Before Lake Chickamauga went off limits I’d spent a few days idling around, trying to understand where the fish would be heading when we arrived for the tournament. There were already good numbers of fish on the main river ledges, with more coming, so I figured that’s where I’d focus my attention when the official practice period began.
My intention when I got back was to fish deep almost exclusively, and for the first two days I kept my nose glued to my Humminbird 1198c Side Imaging unit, trying to find the better schools of fish that I knew it would take to win or place high. Unfortunately, I probably targeted a range that was a little too deep. I found several schools of bass, but they weren’t of the quality it would take to do well. I struggled to find big schools of the right caliber fish but caught just enough on a Strike King 6XD, a Rapala DT20 and a ¾ ounce Lunker Lure football jig that I felt I could fish out there if I had to.
One thing that didn’t figure into my game plan was the super moon that occurred while we were at Chickamauga. It changed the bite substantially. I adjusted a little bit by getting out really early on the third day of practice. I started shallow, targeting bluegill beds and whatever little patches of vegetation I could find. The big, bright moon brought huge numbers of bluegills up to spawn and by fishing close to the main river in areas near where I’d caught bass I could’ve had a big bag that day.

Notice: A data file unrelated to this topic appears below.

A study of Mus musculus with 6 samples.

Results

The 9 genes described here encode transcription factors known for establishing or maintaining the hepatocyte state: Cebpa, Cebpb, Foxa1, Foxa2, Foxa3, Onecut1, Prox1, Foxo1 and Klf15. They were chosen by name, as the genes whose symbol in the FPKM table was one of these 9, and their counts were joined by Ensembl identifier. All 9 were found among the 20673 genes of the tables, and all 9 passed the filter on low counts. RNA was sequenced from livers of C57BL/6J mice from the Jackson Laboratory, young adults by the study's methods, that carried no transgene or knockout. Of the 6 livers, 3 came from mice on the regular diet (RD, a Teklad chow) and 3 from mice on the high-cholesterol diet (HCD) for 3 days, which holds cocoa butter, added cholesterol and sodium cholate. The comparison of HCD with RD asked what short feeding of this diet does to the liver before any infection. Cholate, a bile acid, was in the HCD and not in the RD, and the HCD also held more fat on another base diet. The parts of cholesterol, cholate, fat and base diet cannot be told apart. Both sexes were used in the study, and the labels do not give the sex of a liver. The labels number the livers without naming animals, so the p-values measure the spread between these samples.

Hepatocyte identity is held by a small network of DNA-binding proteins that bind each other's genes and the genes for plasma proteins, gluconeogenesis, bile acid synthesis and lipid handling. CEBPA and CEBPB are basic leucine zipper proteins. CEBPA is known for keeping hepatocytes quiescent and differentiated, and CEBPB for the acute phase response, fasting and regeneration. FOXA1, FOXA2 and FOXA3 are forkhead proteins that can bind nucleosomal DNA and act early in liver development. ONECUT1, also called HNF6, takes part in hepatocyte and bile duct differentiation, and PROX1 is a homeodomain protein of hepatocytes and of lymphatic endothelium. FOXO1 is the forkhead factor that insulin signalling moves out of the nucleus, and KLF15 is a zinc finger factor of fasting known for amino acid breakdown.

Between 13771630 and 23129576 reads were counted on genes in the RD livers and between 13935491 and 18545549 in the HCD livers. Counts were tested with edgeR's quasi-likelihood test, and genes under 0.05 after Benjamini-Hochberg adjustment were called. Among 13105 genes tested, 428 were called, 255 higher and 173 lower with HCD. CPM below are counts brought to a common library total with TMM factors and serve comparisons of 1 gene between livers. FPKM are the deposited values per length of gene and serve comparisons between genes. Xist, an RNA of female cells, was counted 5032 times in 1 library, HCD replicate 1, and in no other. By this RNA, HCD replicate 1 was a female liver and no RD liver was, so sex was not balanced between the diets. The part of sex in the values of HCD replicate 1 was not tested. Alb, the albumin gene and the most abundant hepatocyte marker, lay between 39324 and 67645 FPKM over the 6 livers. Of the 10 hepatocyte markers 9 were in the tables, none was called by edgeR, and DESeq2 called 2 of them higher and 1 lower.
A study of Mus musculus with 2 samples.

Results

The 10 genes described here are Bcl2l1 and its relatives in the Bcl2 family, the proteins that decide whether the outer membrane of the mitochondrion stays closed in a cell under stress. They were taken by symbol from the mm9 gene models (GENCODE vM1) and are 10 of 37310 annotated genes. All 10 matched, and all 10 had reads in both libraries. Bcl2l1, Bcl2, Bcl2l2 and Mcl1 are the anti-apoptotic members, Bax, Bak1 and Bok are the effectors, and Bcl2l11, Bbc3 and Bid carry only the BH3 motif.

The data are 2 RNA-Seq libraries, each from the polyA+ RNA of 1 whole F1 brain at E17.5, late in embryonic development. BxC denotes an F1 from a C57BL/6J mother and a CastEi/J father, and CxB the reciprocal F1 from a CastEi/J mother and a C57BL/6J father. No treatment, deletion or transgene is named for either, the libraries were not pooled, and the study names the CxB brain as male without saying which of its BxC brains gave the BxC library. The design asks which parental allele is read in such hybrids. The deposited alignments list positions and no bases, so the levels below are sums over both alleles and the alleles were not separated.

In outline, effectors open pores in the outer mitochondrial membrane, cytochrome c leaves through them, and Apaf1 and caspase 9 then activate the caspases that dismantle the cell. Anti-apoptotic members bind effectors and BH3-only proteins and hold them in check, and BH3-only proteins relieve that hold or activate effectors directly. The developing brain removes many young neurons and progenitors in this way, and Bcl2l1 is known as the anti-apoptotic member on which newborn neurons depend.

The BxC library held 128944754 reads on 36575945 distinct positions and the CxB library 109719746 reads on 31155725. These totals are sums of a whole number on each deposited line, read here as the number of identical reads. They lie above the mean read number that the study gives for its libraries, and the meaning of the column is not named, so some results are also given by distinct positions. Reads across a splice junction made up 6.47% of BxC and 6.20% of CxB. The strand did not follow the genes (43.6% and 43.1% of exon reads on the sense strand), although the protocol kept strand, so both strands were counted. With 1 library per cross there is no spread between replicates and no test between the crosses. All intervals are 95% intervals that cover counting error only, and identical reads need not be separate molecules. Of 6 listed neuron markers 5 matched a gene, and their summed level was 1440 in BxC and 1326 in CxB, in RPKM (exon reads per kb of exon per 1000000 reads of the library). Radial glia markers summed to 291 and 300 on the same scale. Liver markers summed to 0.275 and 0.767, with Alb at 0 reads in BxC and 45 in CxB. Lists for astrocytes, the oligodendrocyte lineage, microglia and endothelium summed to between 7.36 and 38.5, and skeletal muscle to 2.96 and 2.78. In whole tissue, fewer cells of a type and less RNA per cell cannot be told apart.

The impact of the moon was changing so rapidly that with our off day in between practice and the tournament I didn’t know what to expect when I got out there to compete. I wasn’t comfortable with my deep stuff, and the lake was fishing really small. You’d find something that seemed good and subtle, and when you passed by a few hours later there’d be 10 boats on it. I don’t like fishing like that at all. I figured I’d start shallow and adjust from there. If I had to, I’d start practice all over again.